Donald Trump spirals downward. As long as he remains in the White House, we are called upon to do everything in our power to limit the damage he can do. Above all, there is the need to prevent a war of choice to disarm North Korea of its nuclear weapons.
There are many reasons to exercise restraint, along with deterrence, sanctions, and diplomacy. The first may seem quaint to tough-minded analysts and members of Congress: Under international law, the only justification for a preventive war is if an adversary poses an imminent threat of attack. This particular adversary poses a threat of attack only if threatened with attack.
The second relates to the track record of the tough guys. After the extended traumas of Afghanistan and Iraq, another U.S. military campaign must be nearly immaculate in execution and almost immediate in North Korea’s capitulation. Let those who predict this result after cheerleading the war in Iraq come forward and forthrightly say so.
The third reason for restraint relates to the track record of a nation badly wounded after 9/11. A war with North Korea would be the third fought by the United States in just 16 years. The first two continue without end. U.S. expeditionary forces have been through Hell and back, and yet war hawks, having been temporarily foiled by successful diplomacy to strictly limit Iran’s bomb-making capacity, are setting the predicates for another war of choice.
Yes, the threat posed by Kim Jong-un and the North Korean nuclear program is very real. And yes, tougher sanctions against North Korea are needed. But what if sanctions do not succeed in forcing Kim Jong-un to capitulate and give up that which he holds most dear? Then what? Another war with heavy casualties would hand Beijing the keys to Asia and cause far wider ruptures in the NATO alliance. America’s treasury would be deeper in the red and its standing in the world will decline further and faster – even after victory on the battlefield.
There is no justice in another war of choice that results in many thousands of deaths of allied and U.S. soldiers and civilians, as well as the deaths of countless innocents in North Korea. Worse, there is no justice in another war of choice that results in even a single mushroom cloud.
The norm of not using nuclear weapons on battlefields has been accepted and practiced for seven decades since Hiroshima and Nagasaki. This norm is the most important stabilizing factor in a world of growing nuclear dangers. The reappearance of mushroom clouds on battlefields would be devastating enough; they could also prompt renewed nuclear testing by major and regional powers, as well as the shredding of what’s left of treaties to reduce nuclear dangers. Is a seven-decade old norm to be broken because a country with thousands of deliverable nuclear weapons has convinced itself that it cannot deter the use of one or more by North Korea?
Are the methods American Presidents used to prevent the battlefield use of nuclear weapons by paranoid mass murderers like Josef Stalin and Mao Zedong completely useless against the likes of Kim Jong-un? These methods included deterrence, but deterrence alone does not prevent war or reduce nuclear dangers. Deterrence accompanied by wild threats is more dangerous still. Deterrence requires diplomacy and reassurance to reduce nuclear dangers.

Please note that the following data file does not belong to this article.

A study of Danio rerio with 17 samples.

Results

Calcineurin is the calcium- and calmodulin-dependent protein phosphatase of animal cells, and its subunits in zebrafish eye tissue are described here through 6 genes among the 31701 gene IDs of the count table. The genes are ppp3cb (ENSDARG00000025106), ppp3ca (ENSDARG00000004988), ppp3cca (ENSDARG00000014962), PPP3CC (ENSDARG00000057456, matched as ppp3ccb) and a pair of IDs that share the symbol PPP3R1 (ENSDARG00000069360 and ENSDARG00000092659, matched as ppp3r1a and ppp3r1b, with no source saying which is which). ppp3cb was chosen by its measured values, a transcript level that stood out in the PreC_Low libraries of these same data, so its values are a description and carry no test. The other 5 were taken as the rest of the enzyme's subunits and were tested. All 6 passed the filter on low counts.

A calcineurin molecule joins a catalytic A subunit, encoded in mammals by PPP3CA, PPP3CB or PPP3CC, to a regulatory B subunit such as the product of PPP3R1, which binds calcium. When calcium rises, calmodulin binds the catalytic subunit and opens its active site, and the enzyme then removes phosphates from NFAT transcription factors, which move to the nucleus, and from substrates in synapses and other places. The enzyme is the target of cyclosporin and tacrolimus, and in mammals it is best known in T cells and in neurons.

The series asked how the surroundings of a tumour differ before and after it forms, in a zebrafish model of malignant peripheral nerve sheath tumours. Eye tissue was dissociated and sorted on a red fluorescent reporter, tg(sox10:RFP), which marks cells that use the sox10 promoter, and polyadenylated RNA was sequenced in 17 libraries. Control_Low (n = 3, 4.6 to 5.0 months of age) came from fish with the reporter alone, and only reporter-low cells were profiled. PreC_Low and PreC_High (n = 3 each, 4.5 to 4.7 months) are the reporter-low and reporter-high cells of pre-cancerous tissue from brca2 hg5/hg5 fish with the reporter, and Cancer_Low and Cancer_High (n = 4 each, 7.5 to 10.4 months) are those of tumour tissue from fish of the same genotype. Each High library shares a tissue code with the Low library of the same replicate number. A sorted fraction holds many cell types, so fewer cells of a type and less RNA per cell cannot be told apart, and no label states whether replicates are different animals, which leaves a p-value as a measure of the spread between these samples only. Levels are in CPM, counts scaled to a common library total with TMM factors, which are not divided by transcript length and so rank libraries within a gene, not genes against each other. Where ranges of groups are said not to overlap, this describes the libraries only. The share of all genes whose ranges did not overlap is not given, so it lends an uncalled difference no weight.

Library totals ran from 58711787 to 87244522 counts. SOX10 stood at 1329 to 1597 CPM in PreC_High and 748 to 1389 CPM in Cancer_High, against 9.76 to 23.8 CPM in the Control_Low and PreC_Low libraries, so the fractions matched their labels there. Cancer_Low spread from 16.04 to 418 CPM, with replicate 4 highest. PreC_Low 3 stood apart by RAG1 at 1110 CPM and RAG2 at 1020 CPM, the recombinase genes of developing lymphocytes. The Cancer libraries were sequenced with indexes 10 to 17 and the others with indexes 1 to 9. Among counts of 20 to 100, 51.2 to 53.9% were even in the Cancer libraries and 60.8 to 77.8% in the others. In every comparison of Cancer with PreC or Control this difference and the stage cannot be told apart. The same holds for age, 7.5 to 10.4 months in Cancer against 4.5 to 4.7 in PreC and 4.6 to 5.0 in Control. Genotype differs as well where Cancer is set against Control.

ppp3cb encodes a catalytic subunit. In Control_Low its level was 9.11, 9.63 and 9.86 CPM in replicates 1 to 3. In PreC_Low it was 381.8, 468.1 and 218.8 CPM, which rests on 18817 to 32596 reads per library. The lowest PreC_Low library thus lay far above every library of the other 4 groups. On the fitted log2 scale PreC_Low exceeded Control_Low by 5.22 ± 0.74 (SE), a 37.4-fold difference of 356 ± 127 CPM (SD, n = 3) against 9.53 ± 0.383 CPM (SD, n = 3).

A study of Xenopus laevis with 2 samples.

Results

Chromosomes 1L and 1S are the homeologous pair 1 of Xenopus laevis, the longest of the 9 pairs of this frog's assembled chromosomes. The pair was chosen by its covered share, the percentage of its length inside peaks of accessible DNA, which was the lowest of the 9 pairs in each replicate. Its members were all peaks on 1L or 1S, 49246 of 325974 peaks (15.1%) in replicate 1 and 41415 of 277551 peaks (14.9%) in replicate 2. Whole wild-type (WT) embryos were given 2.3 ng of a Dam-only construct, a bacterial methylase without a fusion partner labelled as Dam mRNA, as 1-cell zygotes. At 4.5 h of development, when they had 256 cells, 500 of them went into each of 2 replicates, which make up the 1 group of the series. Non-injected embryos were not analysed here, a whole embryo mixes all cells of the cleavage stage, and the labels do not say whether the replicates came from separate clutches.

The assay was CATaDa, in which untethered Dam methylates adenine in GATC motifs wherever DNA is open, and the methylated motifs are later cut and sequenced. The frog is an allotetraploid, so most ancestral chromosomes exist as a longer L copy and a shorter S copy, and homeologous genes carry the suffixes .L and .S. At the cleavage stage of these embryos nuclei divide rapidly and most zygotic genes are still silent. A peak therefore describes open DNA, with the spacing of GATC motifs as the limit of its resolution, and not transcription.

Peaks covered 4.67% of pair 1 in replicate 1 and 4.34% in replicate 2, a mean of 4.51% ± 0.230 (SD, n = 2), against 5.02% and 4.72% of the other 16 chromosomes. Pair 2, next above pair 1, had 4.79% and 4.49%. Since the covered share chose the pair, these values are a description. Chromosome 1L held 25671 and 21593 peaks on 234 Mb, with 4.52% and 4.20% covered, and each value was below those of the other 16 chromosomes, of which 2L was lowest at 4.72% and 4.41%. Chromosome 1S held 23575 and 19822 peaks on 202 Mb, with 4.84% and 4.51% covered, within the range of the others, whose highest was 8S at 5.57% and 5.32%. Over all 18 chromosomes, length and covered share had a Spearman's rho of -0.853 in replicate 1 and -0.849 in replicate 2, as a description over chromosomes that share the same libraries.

Nuclear strategists who seek to “strengthen” deterrence by tailoring weapon effects and yields are living in an unreal world. Safety doesn’t come from smaller mushroom clouds. It comes from the absence of mushroom clouds. No strategic analyst has ever offered a convincing explanation of how nuclear-armed states can succeed at escalation control after engaging in warfare and detonating nuclear weapons.
This doesn’t stop a nuclear competition, because the competitors continue to seek advantage and fear being placed at a disadvantage. This was the treadmill the United States and the Soviet Union were on during the Cold War, until Ronald Reagan and Mikhail Gorbachev decided to get off. There is no safety in repeating what has not worked before. The Cold War nuclear arms race didn’t keep the peace; it endangered it. Nor is escalation control helped by fine-tuning war-fighting capabilities. The surest way to achieve escalation control is to not use nuclear weapons on battlefields.
A third war of choice since 9/11 would be folly. A wiser course would be to rely upon the instruments that have succeeded in preventing mushroom clouds since 1945: a strong military, strong alliances, deterrence, a purposeful military presence in tense regions, and active diplomacy. Diplomacy is the key element missing today.
But here’s the rub: direct diplomacy is unlikely to eliminate that which we most fear. The best achievable outcome may well be the cessation of North Korean testing of nuclear devices and missiles. If this unacceptable to President Trump – if he cannot abide a mutual deterrence relationship with North Korea – then for as long as he is in the White House and Kim Jong Un remains in power, another war on the Korean peninsula will remain possible.
Michael Krepon is co-founder of the Stimson Center.